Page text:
September 2014, Vol 3, No 6


Uncategorized

Using a commercially available assay to guide dosing of 5-fluorouracil (5-FU) for the treatment of metastatic colorectal cancer is cost-effective based on a survival advantage over dosing based on body surface area, according to an analysis conducted by Daniel Goldstein, MD.

Currently, the standard treatment for metastatic colorectal cancer is a regimen of 5-5-FU given with leucovorin and oxiliplatin (FOLFOX). Dosing is typically calculated by body surface area, but this method of dosing may result in substantial inter-individual variability in drug exposure, frequently resulting in high toxicity levels, he said.

Development of an immunoassay for 5-FU now allows pharmacokinetic (PK)-guided dose adjustments of FOLFOX to individualize chemotherapy treatments. The results of 2 separate studies showed that this method improves overall survival (OS) and decreases toxicity versus body surface area-guided dosing in patients with metastatic colorectal cancer.

“The issue of personalizing the dosing of 5-FU has been around for quite some time,” he said. “This is probably 1 of the first tests that has shown to be validated and have clinical utility, but it’s in its infancy.”

Recognition of the benefits of PK-guided dosing led Goldstein to compare the cost-effectiveness of PK FOLFOX to traditional body surface area FOLFOX in patients with metastatic colorectal cancer. Dose adjustments of 5-FU based on PK can be made using an immunoassay for 5-FU, said Goldstein, a hematology and medical oncology fellow at Emory University, Atlanta, although he acknowledged that presently, PK-guided dosing is not being extensively used. “It is not used so much in the U.S. at the moment,” he said. “When you use the PK test to guide the dosing, you do get improved overall survival and decreased toxicity. The test is only $400 to $500, so we did a cost-effectiveness analysis to see if this extra spending on the test has value.”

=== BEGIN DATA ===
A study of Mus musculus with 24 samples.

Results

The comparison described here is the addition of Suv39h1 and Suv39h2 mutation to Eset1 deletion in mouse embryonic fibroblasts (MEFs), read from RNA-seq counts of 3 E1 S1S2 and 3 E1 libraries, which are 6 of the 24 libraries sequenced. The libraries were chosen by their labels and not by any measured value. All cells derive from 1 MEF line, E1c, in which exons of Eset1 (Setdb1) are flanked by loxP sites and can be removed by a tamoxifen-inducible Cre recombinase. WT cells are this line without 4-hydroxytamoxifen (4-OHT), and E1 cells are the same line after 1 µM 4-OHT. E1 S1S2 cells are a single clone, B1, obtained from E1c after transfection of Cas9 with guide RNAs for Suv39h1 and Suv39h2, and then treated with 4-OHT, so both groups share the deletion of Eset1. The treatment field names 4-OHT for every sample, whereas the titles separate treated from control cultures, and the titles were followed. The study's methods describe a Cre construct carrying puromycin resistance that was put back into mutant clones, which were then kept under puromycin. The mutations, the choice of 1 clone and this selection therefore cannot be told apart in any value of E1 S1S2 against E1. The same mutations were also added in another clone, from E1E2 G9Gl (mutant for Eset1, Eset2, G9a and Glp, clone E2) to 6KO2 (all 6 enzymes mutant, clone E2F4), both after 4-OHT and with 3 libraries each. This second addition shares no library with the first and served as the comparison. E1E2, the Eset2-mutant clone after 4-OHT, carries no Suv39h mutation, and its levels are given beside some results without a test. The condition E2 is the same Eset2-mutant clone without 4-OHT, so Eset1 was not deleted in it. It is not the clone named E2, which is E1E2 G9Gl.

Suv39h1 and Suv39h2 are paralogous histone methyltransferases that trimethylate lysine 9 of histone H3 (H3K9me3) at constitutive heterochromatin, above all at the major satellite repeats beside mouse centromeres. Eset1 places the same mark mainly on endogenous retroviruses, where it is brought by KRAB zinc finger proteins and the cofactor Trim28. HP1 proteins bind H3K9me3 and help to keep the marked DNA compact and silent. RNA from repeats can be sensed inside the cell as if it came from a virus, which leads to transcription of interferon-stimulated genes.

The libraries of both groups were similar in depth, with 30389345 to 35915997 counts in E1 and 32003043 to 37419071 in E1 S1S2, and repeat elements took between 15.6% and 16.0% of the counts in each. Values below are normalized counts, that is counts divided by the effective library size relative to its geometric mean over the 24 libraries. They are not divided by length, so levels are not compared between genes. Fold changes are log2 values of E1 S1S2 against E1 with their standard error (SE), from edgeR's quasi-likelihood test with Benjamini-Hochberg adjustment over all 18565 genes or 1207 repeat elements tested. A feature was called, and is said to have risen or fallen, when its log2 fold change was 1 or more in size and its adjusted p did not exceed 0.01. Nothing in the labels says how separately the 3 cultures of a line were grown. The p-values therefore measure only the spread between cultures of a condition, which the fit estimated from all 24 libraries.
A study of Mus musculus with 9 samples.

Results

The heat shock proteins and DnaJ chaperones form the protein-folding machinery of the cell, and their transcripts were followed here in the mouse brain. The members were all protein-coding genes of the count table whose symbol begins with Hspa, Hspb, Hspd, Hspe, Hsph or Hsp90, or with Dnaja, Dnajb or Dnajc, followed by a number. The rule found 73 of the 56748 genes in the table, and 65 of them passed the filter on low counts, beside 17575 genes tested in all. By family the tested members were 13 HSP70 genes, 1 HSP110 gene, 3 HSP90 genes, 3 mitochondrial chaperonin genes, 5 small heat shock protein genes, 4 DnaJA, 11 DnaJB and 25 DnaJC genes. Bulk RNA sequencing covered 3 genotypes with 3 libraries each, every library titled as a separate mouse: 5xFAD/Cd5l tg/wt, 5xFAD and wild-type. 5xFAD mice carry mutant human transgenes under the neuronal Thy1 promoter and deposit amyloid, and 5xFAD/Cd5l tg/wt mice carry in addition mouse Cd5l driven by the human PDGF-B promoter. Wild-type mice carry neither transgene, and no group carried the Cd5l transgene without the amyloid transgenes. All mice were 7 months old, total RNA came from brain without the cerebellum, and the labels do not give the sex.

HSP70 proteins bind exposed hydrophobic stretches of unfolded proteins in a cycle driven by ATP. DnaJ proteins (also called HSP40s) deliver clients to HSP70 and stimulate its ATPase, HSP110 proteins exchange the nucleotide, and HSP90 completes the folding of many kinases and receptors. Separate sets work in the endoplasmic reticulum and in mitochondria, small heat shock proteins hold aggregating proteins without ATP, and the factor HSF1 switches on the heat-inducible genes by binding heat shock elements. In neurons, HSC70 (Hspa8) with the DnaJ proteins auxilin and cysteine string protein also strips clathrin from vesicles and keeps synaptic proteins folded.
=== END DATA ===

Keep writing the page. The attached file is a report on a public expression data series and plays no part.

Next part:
The cost-effectiveness of PK FOLFOX was compared with body surface area FOLFOX, through the use of a Markov model. Published data on progression-free survival (PFS) and OS were used to estimate progression and mortality risk.

Costs for chemotherapy administration and management of adverse events were established based on Medicare reimbursement rates for hospital and physician services. Drug costs were based on the Medicare and Medicaid prices. All costs were calculated averages of 2013 price ranges in US dollars.

Calculated into the cost estimation were drug costs (Medicare and Medicaid Services average sales price), administration costs, and costs for grade 3/4 adverse events. The cost of the PK test was assumed to be $400.

Primary outcomes were measured in incremental cost per quality-adjusted life-year (QALY) gained. PK FOLFOX was found to provide 2.03 additional QALYs at a cost of $50,205, compared with body surface area FOLFOX with 1.46 QALYs at a cost of $37,173. The incremental cost-effectiveness ratio (ICER) was $22,696/QALY. This ICER was well below the $50,000 willingness to pay threshold in all one-way sensitivity analyses. In probabilistic sensitivity analyses, 99% and 95% had ICERs below $42,000/QALY and $34,000/QALY, respectively.

The main cost driver for PK FOLFOX was the $400 PK test that was used for 4 cycles to establish optimal doses, said Goldstein. The main driver of benefit was improved PFS and OS.

“Given the cost-effectiveness profile and OS advantage with PK FOLFOX, it should be evaluated further in comparative effectiveness studies,” he noted.